This poster features details of the August 21, 2017, solar eclipse including the path of totality, the percentages of coverage outside the path of totality, and a timeline as it moves across the U.S. from Oregon to South Carolina.
This 8.5" X 11" bulletin provides safety information for experiencing the August 21, 2017, solar eclipse. One side of the bulletin focuses on eye safety for viewing the eclipse, the other side provides links to other safety resources offering tips... (View More) on extreme heat, camping, transportation, etc. related to viewing the eclipse. (View Less)
Learners will explore aspects of the Sun and solar activity by modeling them as solar cupcakes. Information and imagery are supplied to learn about the Sun, solar activity, eclipses, transits, observing the Sun, and the color of the Sun at different... (View More) times of the day. Links to resources are also provided that highlight NASA's solar missions and where to learn more about the Sun. (View Less)
In this video clip, join scientists and teachers as they learn how to measure some of the abiotic conditions of winter. Find out about latent heat, how thermochrons can be used to collect data points and the importance of snow:water equivalents.... (View More) NASA eClips™ are short, relevant educational video segments. These videos inspire and engage students, helping them see real world connections. The Real World series of NASA eClips™ connects classroom mathematics to 21st century careers and innovations and are designed for students to develop an appreciation for mathematics through real-world problem-solving. (View Less)
This is an activity during Solar Week, a twice-yearly event in March and October during which classrooms are able to interact with scientists studying the Sun. Outside of Solar Week, information, activities, and resources are archived and available... (View More) online at any time. This is an activity about telling time using the Sun. Learners will create a solar shadow tool and use it to chart changes in the Sun's altitude through the seasons. This activity is scheduled to occur during Thursday of Solar Week. The activity requires access to a sunny outdoor location over the course of several days, weeks, or months, as well as materials and equipment such as pine board, dowel rod piece, drill and drill bit, saw, bulls-eye level, small nails, and either wood glue or hot glue. (View Less)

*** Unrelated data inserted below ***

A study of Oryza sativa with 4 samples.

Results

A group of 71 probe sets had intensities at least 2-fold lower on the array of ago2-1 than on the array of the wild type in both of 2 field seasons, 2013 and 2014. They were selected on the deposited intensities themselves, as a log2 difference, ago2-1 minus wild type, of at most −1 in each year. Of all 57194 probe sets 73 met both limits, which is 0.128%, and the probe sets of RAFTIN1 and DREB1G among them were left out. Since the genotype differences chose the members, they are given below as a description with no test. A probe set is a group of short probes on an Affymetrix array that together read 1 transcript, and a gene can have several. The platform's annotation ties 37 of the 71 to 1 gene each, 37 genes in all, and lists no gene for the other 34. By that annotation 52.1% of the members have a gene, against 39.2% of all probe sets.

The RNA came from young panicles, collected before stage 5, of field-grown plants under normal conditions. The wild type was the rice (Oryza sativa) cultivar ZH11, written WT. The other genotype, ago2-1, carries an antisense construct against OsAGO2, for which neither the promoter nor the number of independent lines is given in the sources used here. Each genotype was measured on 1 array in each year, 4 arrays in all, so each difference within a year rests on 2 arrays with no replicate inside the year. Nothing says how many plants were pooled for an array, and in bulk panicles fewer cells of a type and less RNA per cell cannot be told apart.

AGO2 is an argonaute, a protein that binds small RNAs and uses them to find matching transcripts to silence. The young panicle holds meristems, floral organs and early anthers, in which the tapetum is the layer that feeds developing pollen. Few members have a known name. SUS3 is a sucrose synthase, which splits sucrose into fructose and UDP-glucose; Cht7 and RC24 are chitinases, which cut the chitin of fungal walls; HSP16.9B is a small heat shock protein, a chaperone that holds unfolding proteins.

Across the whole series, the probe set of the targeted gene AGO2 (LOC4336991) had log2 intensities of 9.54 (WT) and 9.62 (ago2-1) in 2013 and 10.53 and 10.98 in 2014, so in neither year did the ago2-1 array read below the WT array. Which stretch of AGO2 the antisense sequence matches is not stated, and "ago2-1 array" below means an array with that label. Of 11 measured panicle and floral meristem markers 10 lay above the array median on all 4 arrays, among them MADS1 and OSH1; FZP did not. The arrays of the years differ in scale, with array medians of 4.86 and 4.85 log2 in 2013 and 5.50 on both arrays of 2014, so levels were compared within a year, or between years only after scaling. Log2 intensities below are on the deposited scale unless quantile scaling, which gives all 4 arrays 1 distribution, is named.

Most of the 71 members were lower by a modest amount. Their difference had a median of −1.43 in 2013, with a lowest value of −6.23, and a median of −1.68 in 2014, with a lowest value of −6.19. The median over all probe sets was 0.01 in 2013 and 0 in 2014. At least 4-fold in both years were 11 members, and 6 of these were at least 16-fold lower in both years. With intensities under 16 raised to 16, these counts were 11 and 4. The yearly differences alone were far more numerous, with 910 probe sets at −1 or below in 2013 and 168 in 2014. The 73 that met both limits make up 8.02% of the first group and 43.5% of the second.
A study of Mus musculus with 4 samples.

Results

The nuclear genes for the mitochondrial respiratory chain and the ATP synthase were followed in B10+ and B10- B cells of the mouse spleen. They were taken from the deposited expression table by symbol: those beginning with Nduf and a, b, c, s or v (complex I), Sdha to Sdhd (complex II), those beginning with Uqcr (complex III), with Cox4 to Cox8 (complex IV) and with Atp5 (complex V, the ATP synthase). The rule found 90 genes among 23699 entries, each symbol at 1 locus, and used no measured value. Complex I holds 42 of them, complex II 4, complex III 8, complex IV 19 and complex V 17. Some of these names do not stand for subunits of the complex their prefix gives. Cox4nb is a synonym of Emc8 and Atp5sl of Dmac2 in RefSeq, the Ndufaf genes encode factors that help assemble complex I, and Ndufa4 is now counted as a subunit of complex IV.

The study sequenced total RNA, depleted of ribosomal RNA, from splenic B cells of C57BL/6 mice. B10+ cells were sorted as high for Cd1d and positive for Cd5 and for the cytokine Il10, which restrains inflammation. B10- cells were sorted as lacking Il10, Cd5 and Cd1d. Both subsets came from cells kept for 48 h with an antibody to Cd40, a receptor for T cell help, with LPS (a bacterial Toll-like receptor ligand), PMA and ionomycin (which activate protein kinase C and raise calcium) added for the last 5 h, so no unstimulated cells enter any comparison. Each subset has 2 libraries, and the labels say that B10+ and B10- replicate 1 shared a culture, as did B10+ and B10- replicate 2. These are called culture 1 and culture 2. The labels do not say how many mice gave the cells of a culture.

The tilt of Earth's axis as the cause of Earth's seasons is explained in text and illustrations. SciJinks is a joint NASA/NOAA educational website targeting middle school-aged children and their educators. It explores weather and Earth science... (View More) through articles, videos, images, and games. (View Less)
This article explains the causes of the summer and winter solstice. It also includes notes about the historical importance of solstices. SciJinks is a joint NASA/NOAA educational website targeting middle school-aged children and their educators. It... (View More) explores weather and Earth science through articles, videos, images, and games. (View Less)
This article explains the role of the tilt of Earth's axis on seasonal changes. An accompanying exploration dispels the commonly held misconception that distances between the sun and Earth are a factor. The article is targeted to children ages 10-12.